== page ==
Afghan soldiers, filmed by the Taliban, as they surrender in the north -- around the country’s power center. The Taliban saying this video is from just weeks ago. And the takeover has only intensified.
Before May, they controlled just 73 districts. Now the Taliban controls about 200 -- roughly a third of the country --according to the Long War Project, which chronicles the region. With more than a hundred other districts contested, the government controls only about 20 percent of Afghanistan.
And now, Newsy has learned… a country-wide counteroffensive, with ground operations and air strikes, is coming “soon.” That’s according to an Afghan Ministry of Defense official.
"Right now, only about 20,000 commandant forces are in front lines, they are fighting face-to-face with Taliban. When we launch offensive operations, the number of fighters who will be engaged in this operation will be increased maybe 40,000 or 80,000. It depends on our necessity," says Fawad Aman, the spokesperson from the Afghan Ministry of Defense.
But what impact that will have -- and whether a surge is even possible -- remains unclear.
A thousand Afghan troops fled this week -- into Tajikistan. The Taliban capturing virtually all of the districts in that northern border province... three of them, reportedly, handed over without any combat.
It’s the fifth major wave of defections in just two weeks.
Meanwhile Taliban fighters have been flaunting their victories to foreign journalists, leading a delegation from British broadcaster Sky through what’s supposed to be an Afghan military base. A member of their police force -- making threats.
"We will destroy them (Afghan government). We are going to destroy them for our country.”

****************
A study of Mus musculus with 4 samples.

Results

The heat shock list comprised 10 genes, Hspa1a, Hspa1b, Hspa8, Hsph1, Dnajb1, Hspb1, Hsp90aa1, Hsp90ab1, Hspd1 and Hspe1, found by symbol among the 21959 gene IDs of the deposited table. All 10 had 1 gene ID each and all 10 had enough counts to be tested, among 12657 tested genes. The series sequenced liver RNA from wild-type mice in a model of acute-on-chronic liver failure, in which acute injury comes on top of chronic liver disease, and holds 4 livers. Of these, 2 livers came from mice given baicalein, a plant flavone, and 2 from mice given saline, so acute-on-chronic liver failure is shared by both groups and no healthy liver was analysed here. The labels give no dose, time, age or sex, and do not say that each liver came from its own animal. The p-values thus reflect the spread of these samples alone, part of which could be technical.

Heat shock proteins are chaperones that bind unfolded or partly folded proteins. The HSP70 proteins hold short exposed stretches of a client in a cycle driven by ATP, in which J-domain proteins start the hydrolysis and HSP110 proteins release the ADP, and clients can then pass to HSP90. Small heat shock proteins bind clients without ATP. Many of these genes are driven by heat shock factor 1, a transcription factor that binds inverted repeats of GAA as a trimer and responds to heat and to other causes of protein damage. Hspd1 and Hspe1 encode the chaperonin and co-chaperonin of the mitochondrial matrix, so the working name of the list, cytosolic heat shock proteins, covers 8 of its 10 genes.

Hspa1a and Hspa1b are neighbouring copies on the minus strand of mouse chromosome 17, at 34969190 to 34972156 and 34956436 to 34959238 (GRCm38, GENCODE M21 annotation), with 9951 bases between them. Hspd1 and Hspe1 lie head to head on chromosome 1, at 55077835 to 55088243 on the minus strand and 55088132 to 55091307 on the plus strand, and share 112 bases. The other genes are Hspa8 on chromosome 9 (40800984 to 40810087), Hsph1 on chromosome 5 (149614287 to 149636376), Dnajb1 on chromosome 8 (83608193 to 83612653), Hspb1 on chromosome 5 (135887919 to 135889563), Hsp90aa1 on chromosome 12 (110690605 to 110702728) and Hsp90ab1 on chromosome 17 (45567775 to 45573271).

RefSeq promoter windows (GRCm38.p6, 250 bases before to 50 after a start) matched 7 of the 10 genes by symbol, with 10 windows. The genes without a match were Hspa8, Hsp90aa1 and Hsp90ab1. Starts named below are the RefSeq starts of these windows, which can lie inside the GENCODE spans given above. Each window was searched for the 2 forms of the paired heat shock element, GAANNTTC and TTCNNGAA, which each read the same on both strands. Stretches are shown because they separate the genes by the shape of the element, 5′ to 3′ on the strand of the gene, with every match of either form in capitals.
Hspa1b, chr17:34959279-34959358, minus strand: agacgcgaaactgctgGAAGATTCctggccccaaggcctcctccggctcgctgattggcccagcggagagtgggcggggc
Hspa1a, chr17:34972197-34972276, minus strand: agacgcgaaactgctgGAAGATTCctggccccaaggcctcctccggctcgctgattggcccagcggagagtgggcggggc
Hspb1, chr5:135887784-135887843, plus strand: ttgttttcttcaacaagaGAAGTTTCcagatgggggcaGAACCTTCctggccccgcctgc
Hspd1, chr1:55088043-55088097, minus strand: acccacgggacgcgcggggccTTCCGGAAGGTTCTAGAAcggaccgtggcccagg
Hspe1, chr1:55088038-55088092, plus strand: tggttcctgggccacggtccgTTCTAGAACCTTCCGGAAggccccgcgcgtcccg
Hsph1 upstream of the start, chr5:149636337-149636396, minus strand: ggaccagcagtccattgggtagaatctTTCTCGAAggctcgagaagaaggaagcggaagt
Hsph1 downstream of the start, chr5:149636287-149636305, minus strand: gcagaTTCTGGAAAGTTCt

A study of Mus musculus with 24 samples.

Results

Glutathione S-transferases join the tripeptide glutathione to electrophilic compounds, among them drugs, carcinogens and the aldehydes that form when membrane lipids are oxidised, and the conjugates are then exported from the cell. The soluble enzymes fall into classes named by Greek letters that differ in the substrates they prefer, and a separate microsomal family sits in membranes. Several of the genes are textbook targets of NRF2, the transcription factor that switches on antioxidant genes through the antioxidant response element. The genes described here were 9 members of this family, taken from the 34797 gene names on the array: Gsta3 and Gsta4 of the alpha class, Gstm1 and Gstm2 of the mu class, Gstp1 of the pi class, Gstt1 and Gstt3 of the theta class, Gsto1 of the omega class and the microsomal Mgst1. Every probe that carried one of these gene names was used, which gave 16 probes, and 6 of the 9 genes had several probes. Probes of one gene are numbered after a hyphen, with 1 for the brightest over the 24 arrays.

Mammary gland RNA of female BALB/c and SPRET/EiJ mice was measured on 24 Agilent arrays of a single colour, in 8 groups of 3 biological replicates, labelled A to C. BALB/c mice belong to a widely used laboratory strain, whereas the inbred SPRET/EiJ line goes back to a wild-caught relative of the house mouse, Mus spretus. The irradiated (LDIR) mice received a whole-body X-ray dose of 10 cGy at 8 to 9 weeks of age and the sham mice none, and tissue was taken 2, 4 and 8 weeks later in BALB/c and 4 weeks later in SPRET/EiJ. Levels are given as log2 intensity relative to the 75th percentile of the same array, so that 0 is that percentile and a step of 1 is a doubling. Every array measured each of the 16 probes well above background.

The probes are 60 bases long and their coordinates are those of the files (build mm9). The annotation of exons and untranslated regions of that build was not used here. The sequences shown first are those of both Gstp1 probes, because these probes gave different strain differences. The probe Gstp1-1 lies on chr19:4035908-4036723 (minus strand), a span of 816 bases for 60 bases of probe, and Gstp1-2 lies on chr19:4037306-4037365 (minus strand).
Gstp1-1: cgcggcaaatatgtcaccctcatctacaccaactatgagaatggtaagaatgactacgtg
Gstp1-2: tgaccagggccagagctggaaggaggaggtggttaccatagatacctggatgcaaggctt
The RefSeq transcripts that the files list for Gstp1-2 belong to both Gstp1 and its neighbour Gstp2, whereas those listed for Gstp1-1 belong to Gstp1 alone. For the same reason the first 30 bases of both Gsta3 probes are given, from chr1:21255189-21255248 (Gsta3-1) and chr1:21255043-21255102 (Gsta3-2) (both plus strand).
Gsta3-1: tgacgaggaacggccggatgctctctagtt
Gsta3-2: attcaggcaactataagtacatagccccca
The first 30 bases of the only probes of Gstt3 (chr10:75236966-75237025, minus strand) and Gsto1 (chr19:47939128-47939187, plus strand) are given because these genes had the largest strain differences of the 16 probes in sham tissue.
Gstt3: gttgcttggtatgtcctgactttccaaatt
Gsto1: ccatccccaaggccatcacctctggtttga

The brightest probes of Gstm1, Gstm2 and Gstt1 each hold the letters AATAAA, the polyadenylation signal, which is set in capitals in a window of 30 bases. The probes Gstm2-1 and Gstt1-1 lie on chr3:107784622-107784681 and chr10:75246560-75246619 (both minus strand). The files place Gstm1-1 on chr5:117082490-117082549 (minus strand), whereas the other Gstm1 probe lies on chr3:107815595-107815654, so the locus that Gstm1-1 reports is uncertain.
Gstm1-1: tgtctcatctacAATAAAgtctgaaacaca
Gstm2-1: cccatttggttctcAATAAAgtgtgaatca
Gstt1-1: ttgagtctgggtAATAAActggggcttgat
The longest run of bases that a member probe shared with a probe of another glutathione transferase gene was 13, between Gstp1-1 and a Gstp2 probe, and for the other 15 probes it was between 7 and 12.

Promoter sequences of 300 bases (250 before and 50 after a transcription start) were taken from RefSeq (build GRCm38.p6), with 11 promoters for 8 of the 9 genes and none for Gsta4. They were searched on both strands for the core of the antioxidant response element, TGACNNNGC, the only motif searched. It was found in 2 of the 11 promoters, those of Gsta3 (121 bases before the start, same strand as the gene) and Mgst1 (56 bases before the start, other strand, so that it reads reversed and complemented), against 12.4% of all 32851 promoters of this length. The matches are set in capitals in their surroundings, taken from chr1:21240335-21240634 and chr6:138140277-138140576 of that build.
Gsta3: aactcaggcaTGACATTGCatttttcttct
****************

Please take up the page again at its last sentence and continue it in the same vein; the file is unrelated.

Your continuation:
The Taliban’s offensive began in mid-April as President Biden announced the withdrawal of U.S. troops.
The last American troops abruptly left Bagram Airfield last week… pulling out in the dark of night, without notifying the base’s new Afghan commander. U.S. troops even shutting off the electricity, leaving their counterparts literally -- and figuratively -- in the dark.
“And finally by seven o'clock in the morning, we understood that it was confirmed that they had already left Bagram," said General Mir Asadullah Kohistanim, Officer in Charge of Bagram Airfield.
He admits two hours passed before he learned the Americans were gone.
"We are Afghan, this is our country, we have to defend our country, we have to rebuild our country," he said.
And now, thousands of citizens are trying to flee… to Turkey, Iran, and Europe... even as the Taliban hope to convince them: they have nothing to fear.
A key question: how different are the Taliban today from the way they were 20 years ago? The Afghan Ministry of Defense says they’re still ruthless, oppressive, and violent. Linked to a recent spate of targeted assassinations -- of journalists, of judges, and of powerful women. And last month, a U.S. intelligence assessment warned the Afghan government could fall within six months of American withdrawal. We might be watching that happen today.